FDA nod could allow marijuana research

The Food and Drug Administration’s approval of a new prescription anti-seizure medication derived from cannabis just might be the nudge another federal agency needs to reclassify marijuana and allow much more research into its potential benefits — and any risks.

After extensive clinical trials, the FDA on Monday approved the new drug, Epidiolex, to treat two rare forms of epilepsy that cause severe seizures that are resistant to existing anti-seizure medications. The medication contains cannabidiol (CBD), one of the two main components of cannabis. The other, delta-9 tetrahydrocannabinol (THC), produces the “high” sought by recreational marijuana users. CBD does not.

Despite this step by the agency responsible for regulating prescription drugs in the United States, the Drug Enforcement Agency continues to list marijuana as a Schedule 1 controlled substance, on the grounds that it has a high potential for abuse and no known medical use.

Now, there is a known medical use, at least for CBD derived from marijuana. Before the new drug can be sold in the U.S., the DEA must reclassify CBD, at least to Schedule 2, which includes methamphetamine, cocaine and opioids, all of which have known medical uses along with their high potential for abuse.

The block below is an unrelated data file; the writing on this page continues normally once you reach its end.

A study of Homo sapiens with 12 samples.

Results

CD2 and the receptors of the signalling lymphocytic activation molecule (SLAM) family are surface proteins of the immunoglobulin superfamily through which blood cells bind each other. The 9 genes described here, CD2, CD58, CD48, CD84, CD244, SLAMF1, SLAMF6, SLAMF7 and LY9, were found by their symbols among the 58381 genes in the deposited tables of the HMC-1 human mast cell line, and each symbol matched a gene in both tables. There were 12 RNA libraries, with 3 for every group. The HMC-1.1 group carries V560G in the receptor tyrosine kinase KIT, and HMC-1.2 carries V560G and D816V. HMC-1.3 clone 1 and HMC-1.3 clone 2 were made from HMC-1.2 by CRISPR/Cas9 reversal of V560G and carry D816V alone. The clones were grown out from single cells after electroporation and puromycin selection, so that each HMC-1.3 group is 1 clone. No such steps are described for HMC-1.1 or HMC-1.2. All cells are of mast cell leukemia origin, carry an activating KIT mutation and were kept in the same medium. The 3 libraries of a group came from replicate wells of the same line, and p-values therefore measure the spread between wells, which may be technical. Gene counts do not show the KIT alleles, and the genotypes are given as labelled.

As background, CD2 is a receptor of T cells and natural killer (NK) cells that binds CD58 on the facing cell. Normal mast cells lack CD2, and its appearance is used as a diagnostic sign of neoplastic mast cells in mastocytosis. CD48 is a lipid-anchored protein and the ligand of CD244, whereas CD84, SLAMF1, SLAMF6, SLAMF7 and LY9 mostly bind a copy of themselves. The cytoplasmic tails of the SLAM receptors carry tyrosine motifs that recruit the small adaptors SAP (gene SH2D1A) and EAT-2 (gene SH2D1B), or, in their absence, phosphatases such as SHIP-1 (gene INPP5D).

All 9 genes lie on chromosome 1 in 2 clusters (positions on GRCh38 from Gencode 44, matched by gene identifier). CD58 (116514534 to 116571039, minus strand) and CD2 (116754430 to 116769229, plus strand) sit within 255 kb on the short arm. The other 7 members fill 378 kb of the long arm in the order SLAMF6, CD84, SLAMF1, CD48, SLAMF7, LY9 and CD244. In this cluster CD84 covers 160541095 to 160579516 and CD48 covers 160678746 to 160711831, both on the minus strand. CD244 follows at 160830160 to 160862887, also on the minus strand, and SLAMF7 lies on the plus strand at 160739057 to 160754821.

The agency has 90 days to decide. It could declassify marijuana in general, or approve only CBD oil for pharmaceutical but not recreational use.

A great deal of money rides on the decision. Estimates of the new drug’s retail price range from $2,500 to $5,000 a month.

It should not escape the Trump administration’s notice that the profits from the new drug would go not to an American company but to GW Pharmaceuticals, the British firm that developed it. The marijuana it was derived from was grown in the United Kingdom with that government’s blessing.

The reality is that American drug manufacturers cannot do the kind of research and development of potential marijuana-derived drugs that GW did because federal law bars them from growing marijuana for research purposes. Reclassifying marijuana would remove that restriction.

Although 29 states have legalized medical marijuana and nine have legalized recreational use by adults, much is unknown about marijuana’s effects and its medical potential, largely because research is so tightly restricted. The DEA should reclassify marijuana and allow this country’s scientific and business communities to find the answers to those questions.